Anyone who has ever tried tracing their family tree knows what a thrill it is to find the names of their ancestors on official documents. It can be like finding a needle in a haystack or striking gold.
One of the best sources of official information is the census. Censuses have been used for centuries to record information about mothers, fathers, children, and peoples’ ways of life, income and occupations. To see the name, address and profession of an ancestor who lived a hundred years ago or more can be quite exhilarating.
The first census in Canada was conducted by Jean Talon, a civil administrator, in 1666. The census counted all 3,215 inhabitants of European descent and logged their age, sex, marital status and occupation. Talon conducted the census to gather information that would help plan and develop the colony.
In fact, Talon was so committed to the process that he collected much of the information personally, visiting settlers throughout the colony. The rest, as they say, is history, Canadian history. The census has evolved over time into the modern census we have now that takes place every five years. This year marks the 350 year anniversary of the first census.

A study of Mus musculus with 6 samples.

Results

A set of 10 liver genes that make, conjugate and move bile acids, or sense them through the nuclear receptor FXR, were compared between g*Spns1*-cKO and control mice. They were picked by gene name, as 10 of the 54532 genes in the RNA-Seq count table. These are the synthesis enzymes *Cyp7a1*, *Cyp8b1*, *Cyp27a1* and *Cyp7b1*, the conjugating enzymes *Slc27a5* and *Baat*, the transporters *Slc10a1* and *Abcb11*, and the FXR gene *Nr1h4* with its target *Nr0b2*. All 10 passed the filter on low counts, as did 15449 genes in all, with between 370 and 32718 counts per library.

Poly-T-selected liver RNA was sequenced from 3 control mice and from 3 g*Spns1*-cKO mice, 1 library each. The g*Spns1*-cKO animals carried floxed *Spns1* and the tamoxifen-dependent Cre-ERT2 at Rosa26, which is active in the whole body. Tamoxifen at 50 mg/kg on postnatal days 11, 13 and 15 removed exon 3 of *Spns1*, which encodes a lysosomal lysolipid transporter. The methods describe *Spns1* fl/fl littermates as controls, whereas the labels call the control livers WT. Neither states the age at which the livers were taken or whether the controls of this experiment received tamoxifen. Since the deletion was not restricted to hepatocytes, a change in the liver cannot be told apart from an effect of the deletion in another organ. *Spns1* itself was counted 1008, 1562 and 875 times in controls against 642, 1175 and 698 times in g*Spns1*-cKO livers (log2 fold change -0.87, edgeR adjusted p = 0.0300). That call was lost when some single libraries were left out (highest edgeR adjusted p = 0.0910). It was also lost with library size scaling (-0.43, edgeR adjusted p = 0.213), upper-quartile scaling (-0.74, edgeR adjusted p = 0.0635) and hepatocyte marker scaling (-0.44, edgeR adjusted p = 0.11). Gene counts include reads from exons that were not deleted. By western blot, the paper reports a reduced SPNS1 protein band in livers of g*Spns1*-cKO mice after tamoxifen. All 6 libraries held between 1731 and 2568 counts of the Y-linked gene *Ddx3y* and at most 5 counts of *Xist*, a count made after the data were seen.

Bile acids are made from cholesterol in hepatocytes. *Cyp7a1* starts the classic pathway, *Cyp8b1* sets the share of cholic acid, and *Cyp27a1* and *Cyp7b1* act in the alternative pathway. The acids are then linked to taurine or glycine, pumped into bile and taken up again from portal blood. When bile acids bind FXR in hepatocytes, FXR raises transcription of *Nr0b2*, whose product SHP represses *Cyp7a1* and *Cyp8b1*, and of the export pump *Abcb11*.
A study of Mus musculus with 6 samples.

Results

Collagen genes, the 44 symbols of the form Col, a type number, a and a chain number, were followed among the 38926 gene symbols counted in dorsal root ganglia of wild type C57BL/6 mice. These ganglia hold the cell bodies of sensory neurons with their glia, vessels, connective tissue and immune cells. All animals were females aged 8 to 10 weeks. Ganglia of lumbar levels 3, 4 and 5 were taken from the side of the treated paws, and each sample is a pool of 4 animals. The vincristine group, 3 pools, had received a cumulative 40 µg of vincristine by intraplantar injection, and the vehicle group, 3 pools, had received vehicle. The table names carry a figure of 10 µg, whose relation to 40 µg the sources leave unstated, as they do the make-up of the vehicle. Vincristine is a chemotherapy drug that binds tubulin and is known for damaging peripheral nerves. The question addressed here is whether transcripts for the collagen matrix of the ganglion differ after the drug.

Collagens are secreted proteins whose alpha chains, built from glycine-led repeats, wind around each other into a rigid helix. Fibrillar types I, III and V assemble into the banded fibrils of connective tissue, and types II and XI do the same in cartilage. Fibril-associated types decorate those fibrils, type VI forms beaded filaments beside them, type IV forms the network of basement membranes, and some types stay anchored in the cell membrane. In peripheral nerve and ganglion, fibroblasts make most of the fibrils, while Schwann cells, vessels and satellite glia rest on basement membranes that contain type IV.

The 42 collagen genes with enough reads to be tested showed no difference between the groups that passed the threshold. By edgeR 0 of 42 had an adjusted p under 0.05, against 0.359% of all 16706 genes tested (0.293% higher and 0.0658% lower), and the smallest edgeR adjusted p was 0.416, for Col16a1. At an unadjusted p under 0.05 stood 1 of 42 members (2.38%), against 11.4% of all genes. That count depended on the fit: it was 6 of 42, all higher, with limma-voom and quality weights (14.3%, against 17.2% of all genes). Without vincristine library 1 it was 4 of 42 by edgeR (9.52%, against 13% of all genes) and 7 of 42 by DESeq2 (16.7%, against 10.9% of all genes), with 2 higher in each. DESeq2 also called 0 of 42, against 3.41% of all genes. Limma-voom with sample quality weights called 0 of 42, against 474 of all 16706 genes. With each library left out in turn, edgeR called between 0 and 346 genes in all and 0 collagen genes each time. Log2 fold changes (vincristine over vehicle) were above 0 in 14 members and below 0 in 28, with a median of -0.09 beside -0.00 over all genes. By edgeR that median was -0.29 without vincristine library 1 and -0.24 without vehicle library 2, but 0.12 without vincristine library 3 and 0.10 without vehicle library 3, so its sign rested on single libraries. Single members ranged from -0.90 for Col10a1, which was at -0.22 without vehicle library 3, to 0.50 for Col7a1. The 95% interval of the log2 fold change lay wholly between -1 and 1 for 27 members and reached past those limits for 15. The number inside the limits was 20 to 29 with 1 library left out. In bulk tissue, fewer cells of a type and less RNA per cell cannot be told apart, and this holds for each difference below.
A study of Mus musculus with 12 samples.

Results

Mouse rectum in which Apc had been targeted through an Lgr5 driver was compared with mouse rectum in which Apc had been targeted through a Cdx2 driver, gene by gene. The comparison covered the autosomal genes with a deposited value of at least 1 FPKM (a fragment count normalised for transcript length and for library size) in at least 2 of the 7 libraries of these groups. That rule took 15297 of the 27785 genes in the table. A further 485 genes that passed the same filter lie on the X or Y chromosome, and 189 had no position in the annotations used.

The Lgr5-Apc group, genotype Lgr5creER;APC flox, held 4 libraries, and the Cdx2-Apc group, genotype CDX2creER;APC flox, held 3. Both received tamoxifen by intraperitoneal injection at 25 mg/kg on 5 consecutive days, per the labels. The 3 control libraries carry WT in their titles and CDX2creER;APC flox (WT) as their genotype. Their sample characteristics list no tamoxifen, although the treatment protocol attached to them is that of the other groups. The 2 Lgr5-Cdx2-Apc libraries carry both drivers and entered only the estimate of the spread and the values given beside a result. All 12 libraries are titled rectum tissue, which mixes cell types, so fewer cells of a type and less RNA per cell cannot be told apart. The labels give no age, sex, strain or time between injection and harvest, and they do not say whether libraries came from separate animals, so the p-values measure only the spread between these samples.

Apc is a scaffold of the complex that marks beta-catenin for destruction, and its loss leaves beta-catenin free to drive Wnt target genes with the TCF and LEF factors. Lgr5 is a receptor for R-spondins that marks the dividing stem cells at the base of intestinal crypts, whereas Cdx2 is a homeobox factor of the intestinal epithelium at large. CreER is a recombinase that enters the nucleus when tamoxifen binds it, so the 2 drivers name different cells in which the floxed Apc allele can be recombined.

To make it easier for your descendants to trace their family tree 100 years from now (census records are kept sealed for 92 years), jot down May 2 in your calendar this year. You will be receiving a package in the mail inviting you to complete the census online or on paper.
The 2016 Census is mandatory for all Canadians. Three in four households will receive a short-form census, while one out of four will receive the long-form census. The only difference between the two is more detailed questions in the long-form, about things like citizenship and immigration status, birthplace of parents, education, income, housing, child care and other support payments and employment history.